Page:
A fundraising event for Natalie Tennant, the Democratic Senate candidate from West Virginia, will go on as planned Thursday evening in Charleston, W.Va., although thousands of people in that area are still without clean water.

Tennant will attend the event, hosted by the West Virginia Association for Justice, at a hotel in Charleston, the campaign and hotel confirmed Thursday afternoon.

The campaign did not consider canceling the event in light of the chemical leak earlier this month that seeped into the water supply and cut off access to water for more than 100,000 people. Tens of thousands of people are still under orders not to use tap water.

Tennant, the secretary of state, has praised the U.S. attorney for launching an investigation into how the chemical leak occurred, and has volunteered at water distribution centers.

Her likely Republican opponent, Rep. Shelley Moore Capito, has called for a congressional hearing on the spill — and bemoaned the water ban on a more personal note recently when she recounted a pipe bursting in her home, flooding its lower level with contaminated water.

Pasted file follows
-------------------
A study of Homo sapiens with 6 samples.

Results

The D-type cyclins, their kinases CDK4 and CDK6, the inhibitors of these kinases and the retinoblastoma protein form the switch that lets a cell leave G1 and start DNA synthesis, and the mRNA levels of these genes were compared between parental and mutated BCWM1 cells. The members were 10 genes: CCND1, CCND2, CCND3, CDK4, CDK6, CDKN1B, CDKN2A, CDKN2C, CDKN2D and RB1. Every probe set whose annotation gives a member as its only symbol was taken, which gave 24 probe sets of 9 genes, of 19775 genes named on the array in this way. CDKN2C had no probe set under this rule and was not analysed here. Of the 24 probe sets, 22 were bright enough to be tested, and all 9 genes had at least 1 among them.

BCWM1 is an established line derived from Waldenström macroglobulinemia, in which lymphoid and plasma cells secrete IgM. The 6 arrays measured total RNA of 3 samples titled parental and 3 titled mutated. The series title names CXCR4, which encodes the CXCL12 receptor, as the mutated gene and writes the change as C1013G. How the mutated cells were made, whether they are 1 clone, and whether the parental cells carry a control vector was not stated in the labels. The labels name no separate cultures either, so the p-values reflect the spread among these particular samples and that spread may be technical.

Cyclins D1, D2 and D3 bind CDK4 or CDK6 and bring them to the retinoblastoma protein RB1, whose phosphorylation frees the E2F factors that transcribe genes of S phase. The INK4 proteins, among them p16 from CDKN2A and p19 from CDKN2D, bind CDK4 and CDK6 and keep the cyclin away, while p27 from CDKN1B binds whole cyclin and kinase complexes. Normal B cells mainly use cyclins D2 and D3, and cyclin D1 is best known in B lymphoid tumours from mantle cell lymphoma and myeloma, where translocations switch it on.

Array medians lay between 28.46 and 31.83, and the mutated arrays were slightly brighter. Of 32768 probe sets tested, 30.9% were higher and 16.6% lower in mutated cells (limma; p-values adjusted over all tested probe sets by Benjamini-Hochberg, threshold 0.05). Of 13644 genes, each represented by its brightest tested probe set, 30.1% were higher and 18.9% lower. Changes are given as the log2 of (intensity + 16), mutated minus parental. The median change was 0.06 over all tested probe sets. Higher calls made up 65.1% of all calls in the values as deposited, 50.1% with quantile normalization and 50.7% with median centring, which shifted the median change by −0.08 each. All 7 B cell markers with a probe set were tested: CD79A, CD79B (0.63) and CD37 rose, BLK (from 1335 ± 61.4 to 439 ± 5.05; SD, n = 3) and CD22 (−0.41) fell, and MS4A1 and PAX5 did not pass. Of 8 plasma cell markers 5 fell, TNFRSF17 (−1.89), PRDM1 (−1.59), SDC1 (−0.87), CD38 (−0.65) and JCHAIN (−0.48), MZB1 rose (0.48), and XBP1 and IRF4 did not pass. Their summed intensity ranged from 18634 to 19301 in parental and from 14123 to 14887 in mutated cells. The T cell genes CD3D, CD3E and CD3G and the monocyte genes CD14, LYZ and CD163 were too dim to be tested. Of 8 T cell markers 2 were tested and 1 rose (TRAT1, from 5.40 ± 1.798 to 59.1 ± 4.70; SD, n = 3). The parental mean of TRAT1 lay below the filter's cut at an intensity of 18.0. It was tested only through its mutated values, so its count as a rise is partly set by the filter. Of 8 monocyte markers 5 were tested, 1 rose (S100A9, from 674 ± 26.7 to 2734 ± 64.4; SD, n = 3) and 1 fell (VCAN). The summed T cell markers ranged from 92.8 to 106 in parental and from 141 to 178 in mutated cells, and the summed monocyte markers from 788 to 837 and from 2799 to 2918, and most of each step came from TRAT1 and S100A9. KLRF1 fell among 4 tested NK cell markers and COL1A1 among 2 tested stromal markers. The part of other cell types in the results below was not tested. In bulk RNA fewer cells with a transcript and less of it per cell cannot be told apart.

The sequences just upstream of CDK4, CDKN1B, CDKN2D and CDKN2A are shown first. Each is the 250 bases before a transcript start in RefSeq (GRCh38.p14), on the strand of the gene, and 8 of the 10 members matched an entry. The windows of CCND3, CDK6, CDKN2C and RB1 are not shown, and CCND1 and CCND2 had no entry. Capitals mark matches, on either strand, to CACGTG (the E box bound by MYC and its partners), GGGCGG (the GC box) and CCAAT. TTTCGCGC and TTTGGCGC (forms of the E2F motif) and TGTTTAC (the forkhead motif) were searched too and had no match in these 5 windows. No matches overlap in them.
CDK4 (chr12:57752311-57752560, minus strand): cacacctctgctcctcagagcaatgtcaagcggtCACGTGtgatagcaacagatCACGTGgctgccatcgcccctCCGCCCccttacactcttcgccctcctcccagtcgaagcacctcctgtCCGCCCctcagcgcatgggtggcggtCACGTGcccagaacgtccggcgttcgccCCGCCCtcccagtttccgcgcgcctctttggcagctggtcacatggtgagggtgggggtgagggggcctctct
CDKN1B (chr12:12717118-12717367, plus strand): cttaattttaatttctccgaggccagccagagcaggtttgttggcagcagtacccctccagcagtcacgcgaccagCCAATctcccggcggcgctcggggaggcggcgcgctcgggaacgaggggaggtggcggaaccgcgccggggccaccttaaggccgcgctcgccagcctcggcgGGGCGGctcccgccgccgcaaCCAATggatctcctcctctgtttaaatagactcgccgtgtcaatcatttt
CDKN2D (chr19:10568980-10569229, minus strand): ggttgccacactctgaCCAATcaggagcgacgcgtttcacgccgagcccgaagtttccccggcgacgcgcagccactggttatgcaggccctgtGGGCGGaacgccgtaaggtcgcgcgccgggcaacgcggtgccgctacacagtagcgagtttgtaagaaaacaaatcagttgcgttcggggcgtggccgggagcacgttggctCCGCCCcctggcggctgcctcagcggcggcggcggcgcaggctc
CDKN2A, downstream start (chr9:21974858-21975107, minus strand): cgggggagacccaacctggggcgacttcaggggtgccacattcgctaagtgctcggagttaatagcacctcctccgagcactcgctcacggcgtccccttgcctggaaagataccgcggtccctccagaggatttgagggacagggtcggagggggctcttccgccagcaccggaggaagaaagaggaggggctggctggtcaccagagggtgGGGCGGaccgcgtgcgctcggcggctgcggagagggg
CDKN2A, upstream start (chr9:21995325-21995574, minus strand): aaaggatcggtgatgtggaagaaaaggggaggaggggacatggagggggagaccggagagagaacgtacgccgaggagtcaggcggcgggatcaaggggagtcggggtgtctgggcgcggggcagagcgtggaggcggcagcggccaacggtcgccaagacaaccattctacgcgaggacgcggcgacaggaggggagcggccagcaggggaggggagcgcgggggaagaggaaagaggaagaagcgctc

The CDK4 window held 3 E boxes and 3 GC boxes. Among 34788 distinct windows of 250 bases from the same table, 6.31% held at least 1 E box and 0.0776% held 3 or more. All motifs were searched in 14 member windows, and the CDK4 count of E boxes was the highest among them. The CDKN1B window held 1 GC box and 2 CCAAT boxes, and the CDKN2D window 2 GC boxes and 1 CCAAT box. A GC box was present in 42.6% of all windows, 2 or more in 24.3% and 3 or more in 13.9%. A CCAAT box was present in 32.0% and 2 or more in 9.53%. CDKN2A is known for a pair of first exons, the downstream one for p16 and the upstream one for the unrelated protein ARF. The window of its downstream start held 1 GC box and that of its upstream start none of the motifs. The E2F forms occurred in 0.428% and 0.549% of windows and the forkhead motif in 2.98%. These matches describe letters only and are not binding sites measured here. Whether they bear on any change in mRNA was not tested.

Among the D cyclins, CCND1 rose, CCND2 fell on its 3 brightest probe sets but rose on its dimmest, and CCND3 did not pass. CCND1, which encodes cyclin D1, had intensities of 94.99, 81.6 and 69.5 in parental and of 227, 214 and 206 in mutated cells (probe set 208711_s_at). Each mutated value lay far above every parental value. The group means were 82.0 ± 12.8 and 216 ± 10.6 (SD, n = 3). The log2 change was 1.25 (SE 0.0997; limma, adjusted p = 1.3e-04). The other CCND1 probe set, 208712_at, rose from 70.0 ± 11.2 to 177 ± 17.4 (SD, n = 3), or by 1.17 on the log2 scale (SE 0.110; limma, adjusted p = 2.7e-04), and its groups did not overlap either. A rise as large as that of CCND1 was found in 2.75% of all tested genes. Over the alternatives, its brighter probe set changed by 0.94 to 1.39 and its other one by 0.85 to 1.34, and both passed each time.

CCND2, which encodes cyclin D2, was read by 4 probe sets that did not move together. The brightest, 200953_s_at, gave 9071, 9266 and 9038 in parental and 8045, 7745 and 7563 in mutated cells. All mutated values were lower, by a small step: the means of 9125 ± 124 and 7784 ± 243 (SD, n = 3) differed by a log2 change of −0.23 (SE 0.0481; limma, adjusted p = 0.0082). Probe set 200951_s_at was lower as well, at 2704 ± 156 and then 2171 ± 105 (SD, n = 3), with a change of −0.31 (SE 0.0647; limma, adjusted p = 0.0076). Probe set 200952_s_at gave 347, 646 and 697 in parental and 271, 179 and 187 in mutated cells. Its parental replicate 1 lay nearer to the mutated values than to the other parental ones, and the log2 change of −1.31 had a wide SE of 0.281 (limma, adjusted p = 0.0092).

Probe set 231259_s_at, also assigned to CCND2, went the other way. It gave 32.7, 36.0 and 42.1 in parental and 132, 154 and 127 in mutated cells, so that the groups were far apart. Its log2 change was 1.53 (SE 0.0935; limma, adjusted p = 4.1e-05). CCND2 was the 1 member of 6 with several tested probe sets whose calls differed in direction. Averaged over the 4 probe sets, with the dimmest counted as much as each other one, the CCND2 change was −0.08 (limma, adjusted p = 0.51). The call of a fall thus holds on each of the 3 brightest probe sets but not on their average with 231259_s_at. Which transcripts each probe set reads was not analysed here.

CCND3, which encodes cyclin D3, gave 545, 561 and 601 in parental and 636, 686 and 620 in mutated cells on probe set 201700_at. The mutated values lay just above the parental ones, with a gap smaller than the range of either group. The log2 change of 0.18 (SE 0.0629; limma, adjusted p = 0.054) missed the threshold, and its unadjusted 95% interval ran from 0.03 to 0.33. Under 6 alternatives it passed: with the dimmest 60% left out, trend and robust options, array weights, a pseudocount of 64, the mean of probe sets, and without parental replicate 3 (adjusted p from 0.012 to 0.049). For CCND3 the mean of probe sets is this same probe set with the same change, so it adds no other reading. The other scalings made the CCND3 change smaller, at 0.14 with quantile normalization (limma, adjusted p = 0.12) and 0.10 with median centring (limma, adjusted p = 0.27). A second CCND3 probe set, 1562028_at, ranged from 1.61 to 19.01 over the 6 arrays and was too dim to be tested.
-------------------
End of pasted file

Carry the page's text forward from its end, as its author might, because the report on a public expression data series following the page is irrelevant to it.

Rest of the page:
For both candidates, their responses to the water crisis have become fodder for political attacks.

"It's difficult to imagine a more out-of-touch politician than Natalie Tennant," said Brook Hougesen, a spokesman with the National Republican Senatorial Committee. "Throwing a high-dollar fundraiser while thousands of West Virginia families are still without water takes the out-of-touch cake."

Justin Barasky, a spokesperson for the Democratic Senatorial Campaign Committee, shot back, "What's out-of-touch is millionaire Shelly Moore Capito offensively claiming her family's been hit harder than most in West Virginia simply because a pipe burst in one of her three homes, then calling on her Washington friends to sling mud at Natalie Tennant who has been fighting for West Virginians throughout this emergency."

In the few public polls released so far, Capito has been solidly ahead of Tennant.